Updated: Sep 22, 2021
Written by Robert C. Dennis
Directed by Leon Benson
Starring Howard Da Silva, Marianna Hill, Leonard Nimoy, Peter Brocco, Ford Rainey
First Aired Nov. 14, 1964
RT 51 min.
Watch On iTunes
Warning: review contains plot spoilers; ending of episode revealed.
Though not a literal “Frankenstein” story, Season 2, Episode 9 of The Outer Limits (“I, Robot”), is thematically similar enough to call it one. And it’s not ashamed to do so. Its first scene shows an encounter between a robot and a little girl beside the water, just not with the same outcome as a similar scene in Frankenstein (1931). An angry mob, one man who carries a pitchfork, corners it in a cabin and, when force is threatened, it speaks, “That won’t be necessary; I’ll go under my own power.”
After commercial, the first words spoken at the jail where the robot is taken are, “Frankenstein killed by his own monster.” The robot is accused of murdering his creator, Professor “Doc” Link (Peter Brocco). Herein lies the moral issue of the episode: can a non-human being be tried for a human crime? D.A. Thomas Coyle (Ford Rainey) wants it declared a harmful weapon and destroyed. Reporter Judson Ellis (Leonard Nimoy) smells a way to sell papers. “You may end up a skillet, but I’ll make you famous.”
Ellis recommends that Doc’s niece, Nina (Marianna Hill) contact Thurman Cutler (Howard Da Silva) an attorney who has “retired from the human race.” Representing Nina and her “legacy,” Adam (the robot’s name), raises enough ethical issues to entice him to go back to work, and he begins by saying it’s been unlawfully detained. If Adam is on trial for murder, Cutler will enter a plea of not guilty. Both sides agree to a private hearing without jury or press (although Ellis sits in the gallery).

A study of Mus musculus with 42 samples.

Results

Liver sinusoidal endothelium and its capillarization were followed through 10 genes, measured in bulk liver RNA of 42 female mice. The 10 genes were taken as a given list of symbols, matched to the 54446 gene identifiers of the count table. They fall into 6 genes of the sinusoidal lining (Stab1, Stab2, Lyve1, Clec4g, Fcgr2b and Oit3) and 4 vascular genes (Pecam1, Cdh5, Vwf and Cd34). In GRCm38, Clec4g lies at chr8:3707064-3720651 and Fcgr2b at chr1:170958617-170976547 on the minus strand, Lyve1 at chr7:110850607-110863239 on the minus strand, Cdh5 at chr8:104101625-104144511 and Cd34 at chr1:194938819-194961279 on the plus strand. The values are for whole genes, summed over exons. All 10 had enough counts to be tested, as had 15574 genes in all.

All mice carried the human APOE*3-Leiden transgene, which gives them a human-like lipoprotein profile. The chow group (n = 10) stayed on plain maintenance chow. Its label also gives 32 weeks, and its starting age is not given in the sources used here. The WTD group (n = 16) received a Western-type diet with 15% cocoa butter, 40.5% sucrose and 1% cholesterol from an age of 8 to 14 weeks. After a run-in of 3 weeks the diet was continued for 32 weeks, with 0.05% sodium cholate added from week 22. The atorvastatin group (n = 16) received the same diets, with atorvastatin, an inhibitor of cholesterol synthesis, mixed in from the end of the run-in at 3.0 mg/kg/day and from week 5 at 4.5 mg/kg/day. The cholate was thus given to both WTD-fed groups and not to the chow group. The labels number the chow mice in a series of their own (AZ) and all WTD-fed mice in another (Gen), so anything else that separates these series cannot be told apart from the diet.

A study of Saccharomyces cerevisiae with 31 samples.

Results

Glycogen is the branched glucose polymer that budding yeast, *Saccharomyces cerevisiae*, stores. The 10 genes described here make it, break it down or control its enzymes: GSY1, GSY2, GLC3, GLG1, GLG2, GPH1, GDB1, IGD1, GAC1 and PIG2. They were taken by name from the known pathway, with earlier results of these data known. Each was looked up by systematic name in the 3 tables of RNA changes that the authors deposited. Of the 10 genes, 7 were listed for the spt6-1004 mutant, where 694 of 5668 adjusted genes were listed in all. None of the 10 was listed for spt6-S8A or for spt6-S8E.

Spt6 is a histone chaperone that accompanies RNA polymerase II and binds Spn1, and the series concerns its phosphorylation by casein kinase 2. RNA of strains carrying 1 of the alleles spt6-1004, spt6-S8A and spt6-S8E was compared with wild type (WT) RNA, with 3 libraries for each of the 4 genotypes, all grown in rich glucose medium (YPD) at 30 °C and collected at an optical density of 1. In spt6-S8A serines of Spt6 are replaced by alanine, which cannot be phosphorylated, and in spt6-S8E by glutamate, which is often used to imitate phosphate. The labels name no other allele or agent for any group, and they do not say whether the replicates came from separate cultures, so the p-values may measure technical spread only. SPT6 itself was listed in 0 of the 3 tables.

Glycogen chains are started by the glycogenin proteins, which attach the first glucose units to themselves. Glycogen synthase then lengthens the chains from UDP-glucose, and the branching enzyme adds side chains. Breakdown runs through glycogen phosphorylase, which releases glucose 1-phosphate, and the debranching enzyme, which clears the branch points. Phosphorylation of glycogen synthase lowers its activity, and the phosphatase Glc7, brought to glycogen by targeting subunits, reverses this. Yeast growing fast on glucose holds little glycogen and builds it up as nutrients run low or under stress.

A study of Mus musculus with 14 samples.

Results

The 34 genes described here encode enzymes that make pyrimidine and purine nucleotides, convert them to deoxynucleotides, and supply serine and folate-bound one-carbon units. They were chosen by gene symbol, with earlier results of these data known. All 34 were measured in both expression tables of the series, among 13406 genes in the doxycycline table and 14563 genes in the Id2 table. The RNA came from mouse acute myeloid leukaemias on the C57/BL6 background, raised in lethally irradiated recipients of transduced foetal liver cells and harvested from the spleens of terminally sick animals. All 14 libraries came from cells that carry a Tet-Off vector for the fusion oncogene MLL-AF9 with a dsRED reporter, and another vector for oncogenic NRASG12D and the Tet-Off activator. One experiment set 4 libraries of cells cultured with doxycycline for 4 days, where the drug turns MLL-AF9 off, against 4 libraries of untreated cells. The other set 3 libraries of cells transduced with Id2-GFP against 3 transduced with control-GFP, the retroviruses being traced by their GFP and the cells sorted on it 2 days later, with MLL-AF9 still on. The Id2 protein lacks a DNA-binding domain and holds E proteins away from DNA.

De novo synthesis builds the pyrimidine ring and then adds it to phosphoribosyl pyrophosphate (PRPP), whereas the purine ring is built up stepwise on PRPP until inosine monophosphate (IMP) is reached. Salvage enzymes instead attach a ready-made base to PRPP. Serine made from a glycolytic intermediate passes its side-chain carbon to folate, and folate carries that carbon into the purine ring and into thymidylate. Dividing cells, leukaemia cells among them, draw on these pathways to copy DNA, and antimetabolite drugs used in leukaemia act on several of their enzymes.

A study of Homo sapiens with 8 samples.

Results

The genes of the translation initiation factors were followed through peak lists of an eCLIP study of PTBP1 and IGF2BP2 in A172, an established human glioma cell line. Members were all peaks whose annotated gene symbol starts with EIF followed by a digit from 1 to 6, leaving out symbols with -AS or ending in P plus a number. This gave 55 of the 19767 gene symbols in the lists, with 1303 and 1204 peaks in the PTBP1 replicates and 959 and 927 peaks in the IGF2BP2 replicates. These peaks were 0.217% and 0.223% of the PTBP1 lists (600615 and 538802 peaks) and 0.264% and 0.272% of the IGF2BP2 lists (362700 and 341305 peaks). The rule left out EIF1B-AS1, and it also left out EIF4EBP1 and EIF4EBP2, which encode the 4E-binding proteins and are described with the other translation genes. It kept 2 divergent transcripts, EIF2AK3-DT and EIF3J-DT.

What follows is an interesting debate on what to do with Adam. If it was born from “nothing but a heap of nuts and bolts,” but remembers, thinks, reasons and performs, is it man or machine? Is Adam a “creature of high intelligence” or a clever mimic? D.A. Coyle pulls out a copy of Mary Shelley’s Frankenstein, quoting that a creature lacking soul must kill its creator. Through the eyes of Coyle’s witnesses, we see flashbacks of events that brought them all to this point.
Cutler then calls his witnesses, seeming to focus on whether or not Adam has true emotions. Did the robot derive them from its environment and from Doc Link? After the judge rules for the prosecution that an experiment can be performed during the hearing, Adam’s wires are switched and he goes on a destructive rampage. On the stand afterward, Adam recalls that he had no sensation during the incident, but had never wanted to “destroy” before.
In closing arguments, Cutler says Coyle is trying all of society based on a robot; he’s convicting society itself of irresponsibility for its progress. Coyle counters by asking if we aren’t rushing toward some dreadful outcome, trying to control a piece of machinery that has a mind of its own. “I don’t think we should let such a force loose on the earth!” The judge renders a ruling that, under these abnormal conditions, Adam is guilty and must be destroyed.
Cutler is discouraged; he thought the hearing would help people understand. However, when Adam sacrifices himself to save a little girl from running in front of the paddy wagon, he gets some satisfaction that Adam just cheated the execution. “There’s the end of your story,” he tells Ellis, who replies, “It’s not the end; it’s just the beginning.” The Outer Limits voice then reminds us, “Out of every disaster a little progress is made.”
This complements its opening voiceover, “In vain we build the world unless the builder also grows.” “I, Robot” raises more issues than it resolves, and it doesn’t do so in a completely satisfactory way. That may just be the nature of the story; there’s not an adequate resolution that could come in 51 minutes. Somehow, though, I think it’s something The Twilight Zone could have done in 25. That’s always been my preference, though, to venture into the “Zone” rather than take a trip to the “Limits.”